With governments around the world making billions of dollars available for COVID-19 financial relief, criminals are making every effort to take advantage. That includes building phony official coronavirus relief templates for websites to trick victims into giving up sensitive personal information.

Among the sites discovered by security vendor Proofpoint are the bilingual Government of Canada site pages that attempt to get credentials from victims in either English and French. The news is part of a blog released Friday that also details phishing financial relief pages for the U.S. Internal Revenue Service, the U.K. Revenue and Customs and the official registration site for France.

 

Screenshot by Proofpoint of fake Canada COVID-19 relief page

The goal of the Canadian site is to capture social insurance numbers, which are valuable for creating fake IDs.

“This spoof is noteworthy because while it copies the behaviour of the Canadian government website effectively, it does not match the look and feel of the current Canadian government website,” Proofpoint notes. “The malicious template correctly copies the name of Canada’s revenue ministry in English and French, Canada Revenue Agency and Agence du revenu du Canada respectively. However, the layout, colours, and branding of the malicious template do not match that of the legitimate Canadian government website.”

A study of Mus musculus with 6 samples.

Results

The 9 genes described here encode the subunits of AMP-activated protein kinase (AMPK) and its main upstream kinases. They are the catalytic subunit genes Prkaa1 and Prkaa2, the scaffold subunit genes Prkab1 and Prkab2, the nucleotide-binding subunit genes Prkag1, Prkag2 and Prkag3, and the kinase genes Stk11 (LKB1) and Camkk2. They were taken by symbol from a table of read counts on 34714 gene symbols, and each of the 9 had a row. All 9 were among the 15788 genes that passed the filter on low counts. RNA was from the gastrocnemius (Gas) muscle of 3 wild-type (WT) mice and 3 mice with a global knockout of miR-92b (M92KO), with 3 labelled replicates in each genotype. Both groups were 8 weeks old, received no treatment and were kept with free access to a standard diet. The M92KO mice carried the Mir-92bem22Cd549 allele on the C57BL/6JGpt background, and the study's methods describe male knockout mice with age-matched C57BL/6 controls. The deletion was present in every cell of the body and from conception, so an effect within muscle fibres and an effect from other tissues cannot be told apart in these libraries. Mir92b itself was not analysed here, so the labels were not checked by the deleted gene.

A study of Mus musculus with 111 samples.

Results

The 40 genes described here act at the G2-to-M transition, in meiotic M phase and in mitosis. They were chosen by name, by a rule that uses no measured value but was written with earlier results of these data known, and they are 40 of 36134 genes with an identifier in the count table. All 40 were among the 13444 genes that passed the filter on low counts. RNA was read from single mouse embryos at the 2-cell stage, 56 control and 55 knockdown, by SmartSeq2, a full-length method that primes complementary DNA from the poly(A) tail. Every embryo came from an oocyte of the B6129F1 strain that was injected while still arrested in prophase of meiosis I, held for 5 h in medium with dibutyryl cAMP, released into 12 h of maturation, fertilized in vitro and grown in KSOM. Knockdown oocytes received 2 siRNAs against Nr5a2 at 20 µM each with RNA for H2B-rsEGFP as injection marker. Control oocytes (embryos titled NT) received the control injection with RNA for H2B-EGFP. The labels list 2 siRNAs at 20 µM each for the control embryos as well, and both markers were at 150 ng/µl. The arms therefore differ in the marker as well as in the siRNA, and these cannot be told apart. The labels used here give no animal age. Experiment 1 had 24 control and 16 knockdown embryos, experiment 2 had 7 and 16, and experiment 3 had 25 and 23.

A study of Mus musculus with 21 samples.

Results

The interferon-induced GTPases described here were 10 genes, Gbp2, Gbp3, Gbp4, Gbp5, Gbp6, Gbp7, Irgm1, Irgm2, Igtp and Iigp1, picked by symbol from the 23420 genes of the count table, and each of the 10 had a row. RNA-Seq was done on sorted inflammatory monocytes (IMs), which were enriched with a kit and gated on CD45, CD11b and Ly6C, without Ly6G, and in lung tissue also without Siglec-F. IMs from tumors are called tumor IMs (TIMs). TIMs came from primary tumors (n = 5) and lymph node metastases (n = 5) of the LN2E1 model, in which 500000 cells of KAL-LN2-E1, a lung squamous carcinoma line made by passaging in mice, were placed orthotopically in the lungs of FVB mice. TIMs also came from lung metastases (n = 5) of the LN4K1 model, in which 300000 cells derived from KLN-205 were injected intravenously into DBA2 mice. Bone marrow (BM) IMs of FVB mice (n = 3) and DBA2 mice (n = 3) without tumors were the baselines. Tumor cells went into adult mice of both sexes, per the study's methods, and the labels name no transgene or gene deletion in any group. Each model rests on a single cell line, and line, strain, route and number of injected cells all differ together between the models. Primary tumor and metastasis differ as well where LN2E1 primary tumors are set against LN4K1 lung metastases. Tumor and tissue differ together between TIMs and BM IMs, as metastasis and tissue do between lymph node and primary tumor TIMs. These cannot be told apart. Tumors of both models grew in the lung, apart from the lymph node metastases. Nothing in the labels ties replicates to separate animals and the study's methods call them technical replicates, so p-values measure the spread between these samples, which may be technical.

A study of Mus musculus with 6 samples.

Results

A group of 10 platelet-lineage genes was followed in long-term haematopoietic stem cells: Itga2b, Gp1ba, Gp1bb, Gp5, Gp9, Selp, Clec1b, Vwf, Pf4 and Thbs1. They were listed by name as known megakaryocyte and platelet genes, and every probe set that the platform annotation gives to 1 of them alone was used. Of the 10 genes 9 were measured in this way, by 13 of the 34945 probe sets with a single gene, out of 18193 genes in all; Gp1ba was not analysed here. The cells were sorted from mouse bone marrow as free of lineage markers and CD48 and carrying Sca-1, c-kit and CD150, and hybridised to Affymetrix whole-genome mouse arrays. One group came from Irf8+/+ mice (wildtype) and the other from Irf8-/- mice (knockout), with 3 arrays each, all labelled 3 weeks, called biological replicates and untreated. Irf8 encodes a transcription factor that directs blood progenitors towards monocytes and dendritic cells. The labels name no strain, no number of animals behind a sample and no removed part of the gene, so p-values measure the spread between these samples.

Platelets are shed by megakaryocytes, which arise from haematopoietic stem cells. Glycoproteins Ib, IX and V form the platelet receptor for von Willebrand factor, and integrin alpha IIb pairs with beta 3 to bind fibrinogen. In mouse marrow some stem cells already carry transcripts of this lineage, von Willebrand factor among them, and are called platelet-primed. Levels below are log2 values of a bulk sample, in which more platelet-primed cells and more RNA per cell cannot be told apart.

Fake websites would be created for people doing internet searches for financial relief programs. They would also be the landing pages for links in a mass email and text campaigns previously outlined in our Cyber Security Today podcasts.

Earlier this month the federal government Canadian Centre for Cyber Security said it had taken down over 1,500 COVID-19-themed fraudulent sites or email addresses aimed at Canadians. These included sites spoofing the Public Health Agency of Canada, Canada Revenue Agency, and Canada Border Services Agency.

Proofpoint screenshot of fake UK COVID-19 relief page

Proofpoint says it’s found more than 300 different COVID-19 campaigns since January across nearly every industry it tracks. The creators include well-known, established threat actor groups and unknown individuals.

Creation of Covid-19 phishing landing pages increased sharply in early March, peaking around the beginning of April and then sharply dropping off, says the blog. That plunge probably is caused by a combination of saturation for COVID-19 payment theme phishing templates and a move towards other COVID-19 themes as many one-time payments were disbursed, Proofpoint believes.

“It’s clear threat actors follow trends closely,” the blog adds. “We’ve seen throughout the COVID-19 situation how threat actors have followed the news and adapted their themes to match the unfolding public narrative. The movement by governments in particular to offer financial support has caught the attention of threat actors who have moved not only to target those funds directly but to use them as themes for their malware and credential phishing attacks.”